I should be getting it together. A week and a half after leaving one job and a week after starting a new one, my life is in chaos. The kitchen needs to be cleaned, my office is a wreck, and my clean clothing options are limited. But today, amidst the chaos and information overload that accompanies starting a new endeavor, I’m starting to feel like me for the first time in a while. Instead of trudging along from one catastrophe to the next, I’m able to take a step back and just…breathe. Life is good.
I met Rowan six years ago, at her uncle’s 50th birthday party. I can distinctly remember the pride with which my coworker Tina pointed her out. “That’s my daughter. She beat leukemia.”
At the ripe age of ten, she was this incredibly mature woman-child. I didn’t have many conversations with her, only a a few words here and there when she came into work with Tina. She spoke with consideration and thoughtfulness. She was always kind, always patient, always respectful.
And then…. And then. Leukemia came back, but Rowan’s treatment was going well. The wonder of modern medicine was able to break her immune system down so that her body would be able to accept the gift of new bone marrow. The curse was that her immune system was unable to fight off the germs rampant in a hospital and, five years ago today, she died because she caught a cold.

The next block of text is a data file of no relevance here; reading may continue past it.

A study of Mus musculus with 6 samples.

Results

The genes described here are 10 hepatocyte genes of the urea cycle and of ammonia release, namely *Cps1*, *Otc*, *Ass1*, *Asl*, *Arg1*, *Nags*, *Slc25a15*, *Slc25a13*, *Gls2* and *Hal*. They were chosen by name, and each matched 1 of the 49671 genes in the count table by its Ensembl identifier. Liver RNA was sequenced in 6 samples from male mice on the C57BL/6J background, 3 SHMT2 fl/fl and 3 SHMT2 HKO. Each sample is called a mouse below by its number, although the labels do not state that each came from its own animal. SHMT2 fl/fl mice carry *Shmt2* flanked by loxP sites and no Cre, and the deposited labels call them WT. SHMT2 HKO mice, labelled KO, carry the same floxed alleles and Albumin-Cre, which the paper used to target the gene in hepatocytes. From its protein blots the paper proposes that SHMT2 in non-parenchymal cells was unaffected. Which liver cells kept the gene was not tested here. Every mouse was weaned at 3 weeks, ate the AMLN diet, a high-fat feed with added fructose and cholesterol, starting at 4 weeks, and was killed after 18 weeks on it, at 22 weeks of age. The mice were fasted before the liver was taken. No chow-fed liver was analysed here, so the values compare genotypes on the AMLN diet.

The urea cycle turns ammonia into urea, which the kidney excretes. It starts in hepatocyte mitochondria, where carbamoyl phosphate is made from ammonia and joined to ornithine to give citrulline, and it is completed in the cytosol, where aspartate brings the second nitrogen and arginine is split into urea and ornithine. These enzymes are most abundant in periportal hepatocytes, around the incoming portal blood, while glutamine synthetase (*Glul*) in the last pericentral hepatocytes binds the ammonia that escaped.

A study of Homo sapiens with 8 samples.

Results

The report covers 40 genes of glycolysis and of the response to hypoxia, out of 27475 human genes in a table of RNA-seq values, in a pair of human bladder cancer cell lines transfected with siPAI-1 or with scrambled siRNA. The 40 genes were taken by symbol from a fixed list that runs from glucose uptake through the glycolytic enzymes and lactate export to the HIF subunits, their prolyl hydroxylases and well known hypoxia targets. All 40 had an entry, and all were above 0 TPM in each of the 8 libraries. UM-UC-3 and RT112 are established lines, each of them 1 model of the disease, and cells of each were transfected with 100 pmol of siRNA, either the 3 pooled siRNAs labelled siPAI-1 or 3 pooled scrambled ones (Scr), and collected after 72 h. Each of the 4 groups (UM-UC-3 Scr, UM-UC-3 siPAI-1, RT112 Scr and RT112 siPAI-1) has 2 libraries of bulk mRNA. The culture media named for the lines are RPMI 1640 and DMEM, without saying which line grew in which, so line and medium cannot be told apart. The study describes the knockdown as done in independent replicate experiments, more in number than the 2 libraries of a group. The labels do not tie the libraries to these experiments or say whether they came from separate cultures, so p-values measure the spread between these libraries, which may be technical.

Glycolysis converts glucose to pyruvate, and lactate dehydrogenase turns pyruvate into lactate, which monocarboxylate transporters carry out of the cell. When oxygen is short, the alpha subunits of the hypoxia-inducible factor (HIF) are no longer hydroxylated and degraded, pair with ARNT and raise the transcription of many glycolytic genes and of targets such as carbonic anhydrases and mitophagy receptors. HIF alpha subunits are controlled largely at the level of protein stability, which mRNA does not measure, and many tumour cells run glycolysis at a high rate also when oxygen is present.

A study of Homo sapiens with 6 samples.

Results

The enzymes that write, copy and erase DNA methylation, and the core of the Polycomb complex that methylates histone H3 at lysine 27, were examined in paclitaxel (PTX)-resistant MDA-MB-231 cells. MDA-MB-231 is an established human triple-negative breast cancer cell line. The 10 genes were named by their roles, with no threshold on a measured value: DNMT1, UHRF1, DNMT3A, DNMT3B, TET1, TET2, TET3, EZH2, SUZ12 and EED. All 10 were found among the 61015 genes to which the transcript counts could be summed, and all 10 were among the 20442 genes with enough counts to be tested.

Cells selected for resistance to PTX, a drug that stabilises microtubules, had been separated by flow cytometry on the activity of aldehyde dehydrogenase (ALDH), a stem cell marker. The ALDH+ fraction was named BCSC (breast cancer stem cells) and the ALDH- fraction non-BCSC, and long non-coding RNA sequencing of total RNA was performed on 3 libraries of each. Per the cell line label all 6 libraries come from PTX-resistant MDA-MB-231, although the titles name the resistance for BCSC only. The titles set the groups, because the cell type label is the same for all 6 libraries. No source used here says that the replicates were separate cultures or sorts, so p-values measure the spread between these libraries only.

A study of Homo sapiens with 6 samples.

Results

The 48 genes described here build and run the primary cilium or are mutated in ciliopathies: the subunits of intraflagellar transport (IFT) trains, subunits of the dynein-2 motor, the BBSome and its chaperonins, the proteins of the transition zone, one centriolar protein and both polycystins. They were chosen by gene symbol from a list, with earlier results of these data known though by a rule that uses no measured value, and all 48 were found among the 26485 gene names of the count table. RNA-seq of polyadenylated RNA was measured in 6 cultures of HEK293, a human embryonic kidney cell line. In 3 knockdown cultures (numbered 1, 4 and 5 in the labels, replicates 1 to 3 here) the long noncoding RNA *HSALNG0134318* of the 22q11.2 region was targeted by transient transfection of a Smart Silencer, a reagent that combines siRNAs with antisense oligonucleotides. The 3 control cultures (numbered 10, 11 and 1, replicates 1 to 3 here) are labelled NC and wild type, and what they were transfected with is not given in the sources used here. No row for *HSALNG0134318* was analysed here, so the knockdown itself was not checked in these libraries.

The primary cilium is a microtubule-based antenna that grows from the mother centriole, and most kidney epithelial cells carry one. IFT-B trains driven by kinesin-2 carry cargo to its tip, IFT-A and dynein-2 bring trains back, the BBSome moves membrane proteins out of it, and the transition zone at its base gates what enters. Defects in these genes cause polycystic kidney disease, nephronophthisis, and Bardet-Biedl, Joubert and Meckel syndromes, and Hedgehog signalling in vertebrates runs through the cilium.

I’ve grown close to both of Rowan’s mommies over the last five years. We have laughed, cried, and banded together in times of tragedy and stress. I’m at a point where sometimes I’m not sure where my memories of Ro end and where the stories Michele and Tina have told me begin.
All of this is to say that today, my heart has been with my friends all day. I hope that you were able to honor Rowan today. I hope that you wandered in your memories and remembered how kind, smart, and funny she was. I hope you remember her resilience and her grace, even when she was burdened with more than many adults can bare.
Mostly, I hope you were able to bask in her love for you both.